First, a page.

Locals in Manparng village, close to Shan state’s Tangyan township, said a militia based there had summoned headmen to select would-be fighters. Small villages were required to hand over 15 men, and larger villages 25.
The group warned that should the village headmen fail to do so, it would send their own recruitment teams and demand a fee of 3.8 million kyat ($US4,470).
“These militias get funding from the government so there’s no reason to extort money from us,” said one aggrieved inhabitant of Manparng. “We are afraid of armed groups close to our areas and we are unable to file a complaint about this – we don’t know where to complain.”
He said that locals were forced to give into the demands of “different militia groups”, many of whom have close links to Burmese government officials and who are rapidly becoming key players in Shan state’s lucrative narcotics market. The Manparng militia is thought to have around 1,000 troops and also operates in Lashio and Mongyai townships.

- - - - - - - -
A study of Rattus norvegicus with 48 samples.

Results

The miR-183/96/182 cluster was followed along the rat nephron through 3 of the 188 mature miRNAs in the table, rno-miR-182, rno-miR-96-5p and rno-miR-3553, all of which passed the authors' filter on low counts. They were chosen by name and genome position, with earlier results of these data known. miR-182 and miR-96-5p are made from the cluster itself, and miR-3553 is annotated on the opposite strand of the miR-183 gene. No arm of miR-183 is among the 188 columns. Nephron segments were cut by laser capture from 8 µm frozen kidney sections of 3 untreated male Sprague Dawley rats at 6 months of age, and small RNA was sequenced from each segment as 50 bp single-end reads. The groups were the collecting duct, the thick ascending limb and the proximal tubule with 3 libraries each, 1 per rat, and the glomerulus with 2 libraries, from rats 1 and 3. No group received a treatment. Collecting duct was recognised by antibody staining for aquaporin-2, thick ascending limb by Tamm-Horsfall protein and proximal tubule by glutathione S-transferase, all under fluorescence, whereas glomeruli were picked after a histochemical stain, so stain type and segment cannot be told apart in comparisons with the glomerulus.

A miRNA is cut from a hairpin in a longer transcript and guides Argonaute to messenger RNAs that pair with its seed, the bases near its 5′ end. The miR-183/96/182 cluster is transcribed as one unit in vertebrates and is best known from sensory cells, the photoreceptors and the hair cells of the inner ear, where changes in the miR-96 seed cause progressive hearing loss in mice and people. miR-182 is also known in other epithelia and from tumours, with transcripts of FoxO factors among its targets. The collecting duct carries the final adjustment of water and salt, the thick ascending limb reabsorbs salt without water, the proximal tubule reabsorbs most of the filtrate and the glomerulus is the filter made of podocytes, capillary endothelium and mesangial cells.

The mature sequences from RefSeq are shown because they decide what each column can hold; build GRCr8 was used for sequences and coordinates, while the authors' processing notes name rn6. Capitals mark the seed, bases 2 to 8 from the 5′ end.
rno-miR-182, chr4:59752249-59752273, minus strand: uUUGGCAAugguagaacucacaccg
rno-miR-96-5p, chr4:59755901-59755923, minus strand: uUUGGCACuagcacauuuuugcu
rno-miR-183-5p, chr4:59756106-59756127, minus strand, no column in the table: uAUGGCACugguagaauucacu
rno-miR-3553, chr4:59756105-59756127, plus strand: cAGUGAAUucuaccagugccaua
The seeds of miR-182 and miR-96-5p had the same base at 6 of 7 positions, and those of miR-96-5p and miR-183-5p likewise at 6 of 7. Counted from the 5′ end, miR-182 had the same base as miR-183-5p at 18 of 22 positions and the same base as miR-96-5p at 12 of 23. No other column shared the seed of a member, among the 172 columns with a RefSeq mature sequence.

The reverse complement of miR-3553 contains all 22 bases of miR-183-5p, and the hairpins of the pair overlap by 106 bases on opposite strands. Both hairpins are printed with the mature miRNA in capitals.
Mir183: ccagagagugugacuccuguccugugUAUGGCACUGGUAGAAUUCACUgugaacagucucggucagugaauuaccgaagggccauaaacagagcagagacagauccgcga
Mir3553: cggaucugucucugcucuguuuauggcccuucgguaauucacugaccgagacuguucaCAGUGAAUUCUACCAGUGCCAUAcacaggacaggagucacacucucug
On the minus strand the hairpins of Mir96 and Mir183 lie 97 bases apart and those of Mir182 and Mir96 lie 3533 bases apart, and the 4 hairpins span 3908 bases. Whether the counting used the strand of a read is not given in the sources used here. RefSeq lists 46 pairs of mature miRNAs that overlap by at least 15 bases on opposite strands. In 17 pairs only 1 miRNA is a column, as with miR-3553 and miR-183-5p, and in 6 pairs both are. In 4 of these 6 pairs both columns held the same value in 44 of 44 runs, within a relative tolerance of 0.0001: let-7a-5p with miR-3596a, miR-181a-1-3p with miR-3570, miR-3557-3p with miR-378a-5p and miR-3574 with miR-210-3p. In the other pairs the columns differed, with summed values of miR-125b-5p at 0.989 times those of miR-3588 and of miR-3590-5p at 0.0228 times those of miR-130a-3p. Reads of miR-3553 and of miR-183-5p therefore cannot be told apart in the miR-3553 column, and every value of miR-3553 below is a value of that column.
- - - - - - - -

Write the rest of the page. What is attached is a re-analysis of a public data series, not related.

Residents of southern Shan state’s Lai-Hka township have also spoken of an apparent forced recruitment drive by members of the former Wan Pang militia, which was overrun by the Shan State Army last year.
The number of personnel in the militia dropped from around 800 to 30 following the defeat, and it has regrouped in Nam Hu Pra Htam village. Locals in nearby Kone Mai Hike village say each household was told to pay 60,000 kyat so the militia could recruit more soldiers, likely to compensate for the loss of manpower.
The Wan Pang militia was believed to have been heavily involved in the drugs’ trade, and ran a heroin factory in the state’s mountainous southern region. A ceasefire deal struck last year between the SSA and government included an agreement that the SSA would hand over drugs seized from the Wan Pang.